DNA Expert Testifies Evidence Points to Suspect in 1973 Rape by Trillion-to-1 Odds


An expert in criminal DNA analysis testified yesterday that the odds were one in a trillion or longer that Fletcher A. Worrell, a defendant in a Manhattan rape trial, was not the man whose DNA was recovered from underwear the victim wore on the day of the June 1973 assault.

The expert, Mary Quigg, a forensic biologist from the Manhattan chief medical examiner's office, took the stand for the prosecution in Mr. Worrell's trial for the rape of Kathleen Ham 32 years ago in an apartment in the Chelsea section of Manhattan. After Mr. Worrell's arrest last year, prosecutors found Ms. Ham's aqua green underpants stored deep in their cold case files.

Ms. Quigg's testimony left clear the difference that DNA testing has made in the case, which ended with a hung jury when Mr. Worrell was first tried in November 1974, before such tests existed. Ms. Ham was not able to identify Mr. Worrell, who went by the name of Clarence Williams in the first trial, as the man who attacked her because the assailant had pulled a sheet over her head.

Ms. Quigg walked the jury through the complex results of a comparison of DNA recovered from the panties in February 2005 to a DNA profile of Mr. Worrell completed two weeks later using skin cells from the inside of his mouth.

Examining the two DNA profiles broken down in 14 standard categories, Ms. Quigg said, there was a perfect match in 12 categories.

"You would need 166 planets Earth with six billion people on each planet to see another individual with this profile," Ms. Quigg said. Traces of Ms. Ham's DNA were also found on the underwear, Ms. Quigg said, but Mr. Worrell's DNA was a "much larger amount."

Mr. Worrell's defense lawyer, Michael F. Rubin, clashed with the justice, Bonnie G. Wittner of State Supreme Court in Manhattan, as he tried on cross-examination to undermine the reliability of Ms. Quigg's findings. He tried to show that if the medical examiner's laboratory had done a different kind of test on the DNA samples, the results might have shown mutations that would rule out Mr. Worrell, who is now 59.

But Ms. Quigg, at times appearing vexed by Mr. Rubin's interruptions, insisted that such mutations were "extremely rare, almost impossible." Justice Wittner became exasperated when Mr. Rubin questioned Ms. Quigg about two scientific articles from the mid-1990's about DNA testing.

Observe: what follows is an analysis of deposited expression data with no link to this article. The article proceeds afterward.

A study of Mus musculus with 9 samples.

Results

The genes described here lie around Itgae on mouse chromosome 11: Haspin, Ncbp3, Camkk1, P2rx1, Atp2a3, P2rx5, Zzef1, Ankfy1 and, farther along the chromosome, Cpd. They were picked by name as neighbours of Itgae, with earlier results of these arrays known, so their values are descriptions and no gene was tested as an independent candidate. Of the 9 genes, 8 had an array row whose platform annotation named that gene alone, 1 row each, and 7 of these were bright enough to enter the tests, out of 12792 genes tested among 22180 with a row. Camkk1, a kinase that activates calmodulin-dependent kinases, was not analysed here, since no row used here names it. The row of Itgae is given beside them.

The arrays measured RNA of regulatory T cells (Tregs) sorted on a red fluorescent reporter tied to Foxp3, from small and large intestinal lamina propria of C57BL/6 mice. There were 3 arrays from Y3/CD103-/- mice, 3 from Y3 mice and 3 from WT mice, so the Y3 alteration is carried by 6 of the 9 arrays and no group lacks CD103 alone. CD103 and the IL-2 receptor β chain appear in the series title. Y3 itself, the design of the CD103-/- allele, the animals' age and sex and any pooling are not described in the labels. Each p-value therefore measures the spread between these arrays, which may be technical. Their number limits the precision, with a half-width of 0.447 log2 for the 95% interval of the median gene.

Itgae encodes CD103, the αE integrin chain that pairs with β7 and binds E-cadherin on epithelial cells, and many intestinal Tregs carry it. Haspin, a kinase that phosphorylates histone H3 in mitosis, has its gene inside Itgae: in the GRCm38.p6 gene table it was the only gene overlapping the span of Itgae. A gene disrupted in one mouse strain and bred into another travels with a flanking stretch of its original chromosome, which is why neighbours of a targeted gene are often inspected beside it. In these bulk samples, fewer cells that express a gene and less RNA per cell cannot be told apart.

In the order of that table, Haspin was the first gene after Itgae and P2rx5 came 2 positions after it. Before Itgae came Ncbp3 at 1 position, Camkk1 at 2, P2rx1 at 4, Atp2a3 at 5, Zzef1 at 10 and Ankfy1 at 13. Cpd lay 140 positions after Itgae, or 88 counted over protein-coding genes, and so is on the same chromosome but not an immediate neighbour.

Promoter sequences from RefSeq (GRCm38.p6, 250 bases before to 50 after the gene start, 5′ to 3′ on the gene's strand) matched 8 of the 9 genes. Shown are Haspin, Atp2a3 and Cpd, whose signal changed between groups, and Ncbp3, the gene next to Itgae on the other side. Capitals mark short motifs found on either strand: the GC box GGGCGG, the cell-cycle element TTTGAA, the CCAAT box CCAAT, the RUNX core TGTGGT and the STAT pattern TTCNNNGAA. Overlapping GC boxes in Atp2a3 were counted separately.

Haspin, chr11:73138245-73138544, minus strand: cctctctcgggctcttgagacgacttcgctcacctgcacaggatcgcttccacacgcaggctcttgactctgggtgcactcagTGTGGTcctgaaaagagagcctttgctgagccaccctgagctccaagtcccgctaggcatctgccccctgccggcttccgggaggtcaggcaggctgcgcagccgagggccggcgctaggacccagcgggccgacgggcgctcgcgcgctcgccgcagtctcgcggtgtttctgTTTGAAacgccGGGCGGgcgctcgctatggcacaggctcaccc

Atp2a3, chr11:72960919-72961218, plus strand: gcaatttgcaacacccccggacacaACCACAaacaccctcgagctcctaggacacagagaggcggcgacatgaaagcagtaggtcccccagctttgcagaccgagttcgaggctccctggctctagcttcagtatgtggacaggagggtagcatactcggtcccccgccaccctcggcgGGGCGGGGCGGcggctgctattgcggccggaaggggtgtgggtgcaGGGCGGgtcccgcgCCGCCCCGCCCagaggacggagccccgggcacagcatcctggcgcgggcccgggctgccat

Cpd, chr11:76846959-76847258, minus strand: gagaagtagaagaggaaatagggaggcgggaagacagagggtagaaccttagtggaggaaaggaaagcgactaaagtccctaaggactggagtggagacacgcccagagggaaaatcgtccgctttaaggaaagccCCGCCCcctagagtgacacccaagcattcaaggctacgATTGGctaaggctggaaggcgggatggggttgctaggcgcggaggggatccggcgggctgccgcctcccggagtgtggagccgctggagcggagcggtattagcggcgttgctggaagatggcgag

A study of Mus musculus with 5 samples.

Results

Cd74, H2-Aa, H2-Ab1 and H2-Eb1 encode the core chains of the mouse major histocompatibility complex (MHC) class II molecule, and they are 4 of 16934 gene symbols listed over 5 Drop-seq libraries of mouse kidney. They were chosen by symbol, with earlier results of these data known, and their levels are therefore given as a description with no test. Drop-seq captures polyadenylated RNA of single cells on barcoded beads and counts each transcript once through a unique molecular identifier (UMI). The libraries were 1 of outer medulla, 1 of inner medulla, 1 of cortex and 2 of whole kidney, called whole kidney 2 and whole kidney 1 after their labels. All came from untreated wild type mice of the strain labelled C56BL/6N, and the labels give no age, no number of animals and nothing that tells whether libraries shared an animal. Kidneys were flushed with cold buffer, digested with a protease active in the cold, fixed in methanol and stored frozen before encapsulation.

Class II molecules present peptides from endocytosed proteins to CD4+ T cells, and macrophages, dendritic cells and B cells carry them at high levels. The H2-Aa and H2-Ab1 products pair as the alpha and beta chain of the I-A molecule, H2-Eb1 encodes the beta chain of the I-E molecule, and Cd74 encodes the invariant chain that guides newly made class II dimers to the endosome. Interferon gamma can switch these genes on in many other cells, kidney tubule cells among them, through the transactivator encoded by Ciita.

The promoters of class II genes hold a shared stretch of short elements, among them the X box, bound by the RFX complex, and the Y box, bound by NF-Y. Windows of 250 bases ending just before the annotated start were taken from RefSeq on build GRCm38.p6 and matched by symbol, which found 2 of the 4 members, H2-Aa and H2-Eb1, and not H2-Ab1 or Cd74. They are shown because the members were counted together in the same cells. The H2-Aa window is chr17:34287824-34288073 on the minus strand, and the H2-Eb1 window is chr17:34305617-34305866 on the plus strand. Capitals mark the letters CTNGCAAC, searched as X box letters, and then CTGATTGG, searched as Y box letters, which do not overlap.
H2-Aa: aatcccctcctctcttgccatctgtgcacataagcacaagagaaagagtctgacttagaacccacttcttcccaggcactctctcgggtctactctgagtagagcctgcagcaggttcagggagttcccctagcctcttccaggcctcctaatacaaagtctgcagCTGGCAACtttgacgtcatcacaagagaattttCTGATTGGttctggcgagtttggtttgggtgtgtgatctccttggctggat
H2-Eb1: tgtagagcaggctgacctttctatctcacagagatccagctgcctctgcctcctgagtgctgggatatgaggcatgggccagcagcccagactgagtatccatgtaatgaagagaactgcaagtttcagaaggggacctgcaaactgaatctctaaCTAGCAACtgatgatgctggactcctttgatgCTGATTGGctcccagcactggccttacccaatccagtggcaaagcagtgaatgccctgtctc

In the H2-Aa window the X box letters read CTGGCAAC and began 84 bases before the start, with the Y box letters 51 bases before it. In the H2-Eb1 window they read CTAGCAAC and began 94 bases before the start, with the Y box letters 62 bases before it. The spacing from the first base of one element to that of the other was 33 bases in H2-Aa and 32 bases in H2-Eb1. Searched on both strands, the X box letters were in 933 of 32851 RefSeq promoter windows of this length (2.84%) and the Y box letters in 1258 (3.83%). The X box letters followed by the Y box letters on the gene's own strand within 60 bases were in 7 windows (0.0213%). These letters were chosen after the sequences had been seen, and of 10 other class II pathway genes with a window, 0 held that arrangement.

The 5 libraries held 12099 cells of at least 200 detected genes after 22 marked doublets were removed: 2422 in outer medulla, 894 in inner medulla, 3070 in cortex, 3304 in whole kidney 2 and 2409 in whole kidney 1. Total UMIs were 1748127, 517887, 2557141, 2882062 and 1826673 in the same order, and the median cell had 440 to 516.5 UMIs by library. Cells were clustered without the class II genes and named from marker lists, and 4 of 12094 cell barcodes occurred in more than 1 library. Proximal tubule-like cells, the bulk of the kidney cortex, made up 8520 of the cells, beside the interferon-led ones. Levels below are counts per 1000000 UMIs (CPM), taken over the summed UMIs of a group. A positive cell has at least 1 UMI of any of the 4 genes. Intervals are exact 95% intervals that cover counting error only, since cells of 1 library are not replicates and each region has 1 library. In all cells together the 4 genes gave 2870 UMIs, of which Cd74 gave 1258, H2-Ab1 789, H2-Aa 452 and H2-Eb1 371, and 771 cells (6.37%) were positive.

"That's such a ridiculous question," Justice Wittner said, overruling one query from Mr Rubin. "I don't know what it means myself," she added.

"Judge, I don't like you testifying in court," Mr. Rubin shot back.

"Mr. Rubin, no comments, please," the justice responded, silencing him.

Ms. Quigg made it clear how recently DNA has become widely used in criminal prosecution. The first cases where it was used were in 1988, and standardized nationwide testing procedures were put in place only five years ago. Other testimony showed how drastically forensic methods in rape cases have changed since 1973.

Dr. Patricia M. Carey, the medical director of the emergency department at St. Luke's-Roosevelt Hospital Center, analyzed the report on the medical examination performed at the hospital on Ms. Ham, who was 26 at the time, about an hour after the attack on June 26, 1973.

A physician, identified in the report only as Dr. Finnerty, noted "superficial lacerations" on Ms. Ham's neck. But he added that Ms. Ham "seems rather calm at this time." Two hours later, a gynecologist, identified as Dr. Nagle, used a glass pipette to take a sample from Ms. Ham. Examined under a microscope, it tested negative for sperm. In the first trial the defense lawyer, George C. Sena, used the medical report to cast doubt on whether Ms. Ham had been violently assaulted.

Dr. Carey said the glass pipette was abandoned for testing when more extensive examinations, called rape kits, came into use in 1978. She also testified that it was not unusual for rape victims to appear cool.

She said the three knife cuts on Ms. Ham's neck were "a remarkable degree of physical assault" in a sex crime. Dr. Carey said that studies now show that 60 percent of rape victims have no physical injury.

Mr. Rubin's cross-examination of Dr. Carey lasted one minute.